Picture this: Mike comes into work today, and you are Mike’s employer. Your company also happens to operate in a state that recently legalized medical and/or recreational marijuana.
Mike seems a bit unlike himself this morning. His eyes are red, and he’s moving and responding more slowly than usual. You suspect he’s under the influence of marijuana, and you’re worried about how this might affect his quality of work. Let’s also assume you work at a construction site, and Mike is in charge of operating heavy machinery. Now you also have to worry about his physical safety and the safety of others.
The logical next step would be to give Mike a drug test. But it’s not so simple. To test for alcohol, you could have Mike blow into a breathalyzer and know the results on the spot. The standard method for testing the presence of marijuana, however, is to collect a urine sample. This system can be gamed if Mike uses someone else’s urine, and it can take up to 72 hours for the results to come back.
Still, you move forward with the urine test. For safety concerns, you decide to send Mike home until the drug test comes back. You already know that this will go one of two ways:
Either the test comes back negative, and you will have put Mike out of work based on a subjective assessment, which is potential grounds for him to sue the company for lost wages.
Or, the test comes back positive, in which case you have a new dilemma. The test results don’t tell you what day or time Mike smoked or ingested marijuana; a person can test positive for marijuana in their system days or even weeks later, so it very well could have been Sunday afternoon, having no effect on him that day at work. In this scenario, you are also dealing with the dilemma that marijuana is legal in your state, and you’re not sure what legal grounds you have to justify your decision to send him home.
As it turned out, Mike is a new dad and was up all night with a cranky newborn, and there’s no law against that. However, extreme fatigue still impairs people in much the same way as alcohol or marijuana, presenting the same danger to that employee and others if they are allowed to—let’s say—operate heavy machinery.
The way that we test workers for drug use has always been fraught with these potential land mines, and it’s only becoming more so as laws change to permit some types of drug use. As a safety consultant who has advised companies on how to manage this territory for the last 28 years, I believe that a fundamental update is required.
Instead of focusing on the cause of impairment—drugs, alcohol, lack of sleep—employers should focus on the impairment itself.
In the workplace, impairment is the inability to perform and make judgments as you normally do, exposing yourself and others to various forms of risk depending on industry.
Substance-based policies do not take into account other causes of impairment, such as fatigue, stress or undetected medical problems. These policies also require constant reevaluation because the number of substances available, legally or illegally, is steadily expanding.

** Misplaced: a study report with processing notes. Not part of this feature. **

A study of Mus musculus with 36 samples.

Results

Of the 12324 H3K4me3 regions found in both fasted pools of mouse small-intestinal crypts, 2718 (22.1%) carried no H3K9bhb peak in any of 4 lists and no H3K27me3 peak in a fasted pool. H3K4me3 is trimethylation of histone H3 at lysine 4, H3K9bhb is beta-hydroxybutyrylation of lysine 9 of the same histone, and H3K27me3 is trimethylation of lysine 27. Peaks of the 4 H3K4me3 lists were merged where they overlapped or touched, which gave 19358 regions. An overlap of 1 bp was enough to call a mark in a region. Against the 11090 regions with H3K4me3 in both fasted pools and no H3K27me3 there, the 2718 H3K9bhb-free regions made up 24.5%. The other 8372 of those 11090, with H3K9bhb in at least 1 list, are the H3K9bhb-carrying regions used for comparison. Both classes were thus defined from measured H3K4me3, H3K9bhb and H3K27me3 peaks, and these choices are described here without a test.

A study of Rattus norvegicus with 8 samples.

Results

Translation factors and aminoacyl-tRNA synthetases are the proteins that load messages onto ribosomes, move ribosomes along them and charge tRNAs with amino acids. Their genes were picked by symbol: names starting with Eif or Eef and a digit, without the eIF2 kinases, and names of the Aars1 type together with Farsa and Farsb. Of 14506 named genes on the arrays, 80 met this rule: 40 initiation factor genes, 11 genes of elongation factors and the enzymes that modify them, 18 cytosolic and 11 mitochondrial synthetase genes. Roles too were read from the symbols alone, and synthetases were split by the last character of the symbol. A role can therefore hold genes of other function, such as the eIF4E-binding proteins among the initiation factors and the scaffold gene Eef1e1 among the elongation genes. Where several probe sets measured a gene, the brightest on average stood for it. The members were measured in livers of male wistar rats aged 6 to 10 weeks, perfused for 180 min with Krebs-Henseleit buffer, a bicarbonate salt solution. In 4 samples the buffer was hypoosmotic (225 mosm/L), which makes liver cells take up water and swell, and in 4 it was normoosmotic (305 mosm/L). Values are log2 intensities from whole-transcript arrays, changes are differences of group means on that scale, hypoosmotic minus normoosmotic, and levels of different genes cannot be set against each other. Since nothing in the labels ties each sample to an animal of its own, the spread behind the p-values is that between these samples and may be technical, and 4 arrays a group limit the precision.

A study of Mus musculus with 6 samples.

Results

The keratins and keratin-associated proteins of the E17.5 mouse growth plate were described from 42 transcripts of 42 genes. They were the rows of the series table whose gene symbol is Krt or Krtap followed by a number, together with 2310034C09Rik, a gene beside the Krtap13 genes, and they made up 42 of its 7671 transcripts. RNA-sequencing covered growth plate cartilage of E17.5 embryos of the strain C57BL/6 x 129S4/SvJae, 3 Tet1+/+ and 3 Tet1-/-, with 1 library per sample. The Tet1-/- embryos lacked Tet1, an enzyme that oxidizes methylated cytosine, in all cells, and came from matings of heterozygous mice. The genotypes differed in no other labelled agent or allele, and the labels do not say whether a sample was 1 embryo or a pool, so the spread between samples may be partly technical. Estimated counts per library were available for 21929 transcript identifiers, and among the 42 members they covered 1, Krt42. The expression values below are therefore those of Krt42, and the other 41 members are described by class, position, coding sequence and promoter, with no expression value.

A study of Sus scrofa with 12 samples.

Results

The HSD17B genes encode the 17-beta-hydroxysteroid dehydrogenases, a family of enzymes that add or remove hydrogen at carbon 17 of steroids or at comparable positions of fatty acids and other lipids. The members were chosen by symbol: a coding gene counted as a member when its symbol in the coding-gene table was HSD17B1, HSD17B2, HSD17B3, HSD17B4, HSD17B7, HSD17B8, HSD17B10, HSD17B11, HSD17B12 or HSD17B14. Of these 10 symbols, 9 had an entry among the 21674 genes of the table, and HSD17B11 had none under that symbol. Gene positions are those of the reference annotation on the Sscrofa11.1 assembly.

Additionally, testing measures for substance-based policies are not fail-proof. First, even if you submit “X” percent of your workforce to random drug testing every week or month, positive results cannot prove that on a specific day an employee was impaired by that substance. Second, whereas employers could theoretically breathalyze every employee before they clock in, no such instantaneous test exists for marijuana.
However, it is possible to test for impairment every day. I’ve worked with companies to pilot technologies that test for physical and mental acuity. The whole process takes mere seconds, and employees simply take the test before they are allowed to begin working each day. Whereas the companies were initially concerned that they would have to turn away one-third of their workforce at the door, the exact opposite occurred. What we found was that the technologies became a huge deterrent, and employees tended to take better care of themselves—including staying away from drugs and alcohol in proximity to working hours—in order to ensure they would pass the test.
Furthermore, these tests eliminate any personal bias that may exist about people’s lifestyles. Going back to Mike, if you as an employer know he frequently smokes marijuana, you are more likely to pull him from work as a safety precaution if you think he is showing symptoms of being under the influence. Even though this is an informed opinion, it is just that: an opinion.
If Mike is high at work, the impairment test will pick that up, and then you have probable cause to excuse him from work that day, legally and with a good conscience. If Mike isn’t impaired at work, it doesn’t concern you as an employer how he chooses to legally spend his time outside of work.
While all workplace safety policies are created to protect employees, not all policies are created equal. Marijuana is not the first—and certainly won’t be the last—substance in line for legalization, and companies that truly value the safety of their workers need to broaden their perception of both the problem and the solution. If companies focus their policies on impairment, not substances, and they’ll be prepared for anything the 21st century throws their way.
Jim Spigener is the chief client officer at DEKRA.